Twenty yachts from around the world crossed the starting line off Les Sables D’Olonne, France, on Nov. 7 for the fifth running of the Vendée Globe, the only nonstop round-the-world solo sailboat race. Not surprisingly, there was only one American, and even less surprising, he is not supported by a corporate sponsor.
Bruce Schwab, the Oakland, Calif.-based rigger-turned-solo-circumnavigator, is perhaps this country’s most tenacious, if under-appreciated, solo sailor, and is racing for the second time around the world aboard his cold-molded Open 60 Ocean Planet. He competed in the last Around Alone, also without a sponsor, and made with the financial support of numerous friends and well-wishers, and his Vendée attempt is similarly challenged.
Schwab purchased a suit of sails for Ocean Planet — which was designed by American Tom Wylie, built by Schooner Creek Boat Works in Portland, Ore., and is the only Open 60 with a freestanding carbon rig — with a last-minute loan of $50,000 from a friend. The sails arrived just a few days before the start of the race, allowing only one day for trials. He also sells t-shirts and CDs of his music — he plays guitar — to raise money, and he reportedly borrows against his home equity line and from friends with virtual abandon.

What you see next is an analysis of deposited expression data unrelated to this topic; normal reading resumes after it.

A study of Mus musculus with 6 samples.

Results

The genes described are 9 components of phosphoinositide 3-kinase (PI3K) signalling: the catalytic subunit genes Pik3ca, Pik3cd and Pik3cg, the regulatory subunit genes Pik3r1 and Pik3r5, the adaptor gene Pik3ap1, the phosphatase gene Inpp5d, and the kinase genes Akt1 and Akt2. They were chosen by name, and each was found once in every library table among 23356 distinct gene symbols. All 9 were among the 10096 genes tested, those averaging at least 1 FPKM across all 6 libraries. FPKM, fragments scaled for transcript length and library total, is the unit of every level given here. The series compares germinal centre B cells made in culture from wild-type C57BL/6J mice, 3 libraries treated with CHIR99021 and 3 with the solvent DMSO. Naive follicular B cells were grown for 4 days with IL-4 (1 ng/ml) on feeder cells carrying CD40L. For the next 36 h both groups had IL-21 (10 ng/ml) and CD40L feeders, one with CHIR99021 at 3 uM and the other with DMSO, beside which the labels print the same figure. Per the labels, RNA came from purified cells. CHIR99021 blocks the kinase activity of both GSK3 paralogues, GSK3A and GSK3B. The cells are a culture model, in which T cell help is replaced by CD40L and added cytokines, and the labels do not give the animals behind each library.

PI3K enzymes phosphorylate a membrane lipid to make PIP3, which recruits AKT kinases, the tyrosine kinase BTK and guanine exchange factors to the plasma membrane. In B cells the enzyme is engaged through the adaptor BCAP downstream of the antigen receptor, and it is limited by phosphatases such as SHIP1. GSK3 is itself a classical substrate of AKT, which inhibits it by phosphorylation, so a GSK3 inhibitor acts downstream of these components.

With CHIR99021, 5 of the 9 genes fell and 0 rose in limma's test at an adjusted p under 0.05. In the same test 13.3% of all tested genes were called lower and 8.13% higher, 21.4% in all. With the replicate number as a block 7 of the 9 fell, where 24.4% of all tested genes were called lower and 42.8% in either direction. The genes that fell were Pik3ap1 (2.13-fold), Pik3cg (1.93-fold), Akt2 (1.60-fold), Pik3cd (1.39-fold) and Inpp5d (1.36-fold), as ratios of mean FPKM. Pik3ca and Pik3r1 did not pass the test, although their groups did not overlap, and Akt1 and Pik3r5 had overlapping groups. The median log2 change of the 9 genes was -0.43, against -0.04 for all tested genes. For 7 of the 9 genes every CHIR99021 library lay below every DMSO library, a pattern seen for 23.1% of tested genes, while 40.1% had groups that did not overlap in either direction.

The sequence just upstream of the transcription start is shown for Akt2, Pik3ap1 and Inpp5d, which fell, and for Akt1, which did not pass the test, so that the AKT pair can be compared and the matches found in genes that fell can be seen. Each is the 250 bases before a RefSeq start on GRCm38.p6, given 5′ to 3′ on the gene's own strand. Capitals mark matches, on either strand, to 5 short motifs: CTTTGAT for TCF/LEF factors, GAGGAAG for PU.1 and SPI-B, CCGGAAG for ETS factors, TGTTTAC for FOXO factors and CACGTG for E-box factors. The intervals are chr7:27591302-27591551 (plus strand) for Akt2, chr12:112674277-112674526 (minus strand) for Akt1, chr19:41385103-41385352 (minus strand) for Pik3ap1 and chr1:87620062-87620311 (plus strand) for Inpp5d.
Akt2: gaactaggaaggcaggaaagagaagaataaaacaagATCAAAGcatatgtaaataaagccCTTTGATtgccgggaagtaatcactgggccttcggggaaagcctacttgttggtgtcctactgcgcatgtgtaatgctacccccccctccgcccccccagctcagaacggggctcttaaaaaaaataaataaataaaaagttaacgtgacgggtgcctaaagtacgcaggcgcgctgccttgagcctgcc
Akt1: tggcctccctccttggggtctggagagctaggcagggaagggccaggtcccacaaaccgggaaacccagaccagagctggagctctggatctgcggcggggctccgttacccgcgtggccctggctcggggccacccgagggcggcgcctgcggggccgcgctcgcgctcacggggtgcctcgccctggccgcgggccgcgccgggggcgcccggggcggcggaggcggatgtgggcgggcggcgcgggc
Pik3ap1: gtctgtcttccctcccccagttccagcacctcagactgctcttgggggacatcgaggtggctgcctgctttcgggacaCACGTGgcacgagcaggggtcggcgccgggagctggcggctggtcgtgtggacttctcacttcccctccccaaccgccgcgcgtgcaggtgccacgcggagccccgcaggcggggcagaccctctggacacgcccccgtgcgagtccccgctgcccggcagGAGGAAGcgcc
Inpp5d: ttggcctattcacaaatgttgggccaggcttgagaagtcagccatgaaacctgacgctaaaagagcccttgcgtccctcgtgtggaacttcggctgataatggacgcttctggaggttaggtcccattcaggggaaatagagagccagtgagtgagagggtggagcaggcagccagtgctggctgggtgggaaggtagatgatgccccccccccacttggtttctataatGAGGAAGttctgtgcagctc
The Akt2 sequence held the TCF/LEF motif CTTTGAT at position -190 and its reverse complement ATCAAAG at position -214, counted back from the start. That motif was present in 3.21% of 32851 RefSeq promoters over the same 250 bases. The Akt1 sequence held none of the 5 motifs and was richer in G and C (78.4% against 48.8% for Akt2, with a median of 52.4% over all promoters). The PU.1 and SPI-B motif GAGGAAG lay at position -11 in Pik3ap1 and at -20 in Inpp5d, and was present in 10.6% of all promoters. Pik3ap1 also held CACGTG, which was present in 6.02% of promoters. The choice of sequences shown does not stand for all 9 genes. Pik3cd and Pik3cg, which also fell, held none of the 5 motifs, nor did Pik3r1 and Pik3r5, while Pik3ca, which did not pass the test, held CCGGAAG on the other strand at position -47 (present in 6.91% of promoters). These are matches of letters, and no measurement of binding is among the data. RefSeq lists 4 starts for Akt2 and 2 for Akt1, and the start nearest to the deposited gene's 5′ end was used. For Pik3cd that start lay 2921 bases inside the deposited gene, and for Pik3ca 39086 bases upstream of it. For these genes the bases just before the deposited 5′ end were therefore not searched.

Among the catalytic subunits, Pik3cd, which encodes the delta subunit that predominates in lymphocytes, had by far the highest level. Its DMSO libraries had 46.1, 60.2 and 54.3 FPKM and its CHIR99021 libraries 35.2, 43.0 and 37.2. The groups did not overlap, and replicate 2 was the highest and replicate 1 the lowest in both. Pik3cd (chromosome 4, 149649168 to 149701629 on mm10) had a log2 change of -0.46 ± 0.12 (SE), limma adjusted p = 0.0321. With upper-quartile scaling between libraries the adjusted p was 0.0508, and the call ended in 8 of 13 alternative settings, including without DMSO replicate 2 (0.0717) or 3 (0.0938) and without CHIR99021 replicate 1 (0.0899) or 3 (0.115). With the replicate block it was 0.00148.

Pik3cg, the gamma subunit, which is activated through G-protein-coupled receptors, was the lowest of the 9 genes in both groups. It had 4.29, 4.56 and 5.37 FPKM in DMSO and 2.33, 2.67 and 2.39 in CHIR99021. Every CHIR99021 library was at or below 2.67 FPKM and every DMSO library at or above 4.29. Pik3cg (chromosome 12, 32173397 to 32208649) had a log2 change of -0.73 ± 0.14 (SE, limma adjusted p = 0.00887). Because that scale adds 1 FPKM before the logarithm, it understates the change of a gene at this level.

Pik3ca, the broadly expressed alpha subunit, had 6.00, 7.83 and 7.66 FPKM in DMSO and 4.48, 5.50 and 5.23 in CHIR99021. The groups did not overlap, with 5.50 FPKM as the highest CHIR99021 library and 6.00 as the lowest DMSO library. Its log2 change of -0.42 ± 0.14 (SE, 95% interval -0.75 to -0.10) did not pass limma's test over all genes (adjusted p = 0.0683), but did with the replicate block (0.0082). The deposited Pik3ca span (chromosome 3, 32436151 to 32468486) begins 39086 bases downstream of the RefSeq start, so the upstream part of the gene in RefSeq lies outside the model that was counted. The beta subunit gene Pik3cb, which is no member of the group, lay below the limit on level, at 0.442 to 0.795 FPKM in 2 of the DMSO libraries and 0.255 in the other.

Yet Schwab successfully started the race, perhaps the greatest hurdle of all, considering the complexity of organizing such a challenge, competing with well-funded French, British and Australian boats, some with budgets in excess of $3 million. And while he doesn’t presume to think he might win, he said prior to his departure, he hopes to be the first American in the Vendée Globe’s history to finish the grueling east-about race.
Follow progress at www.vendeeglobe.fr/uk.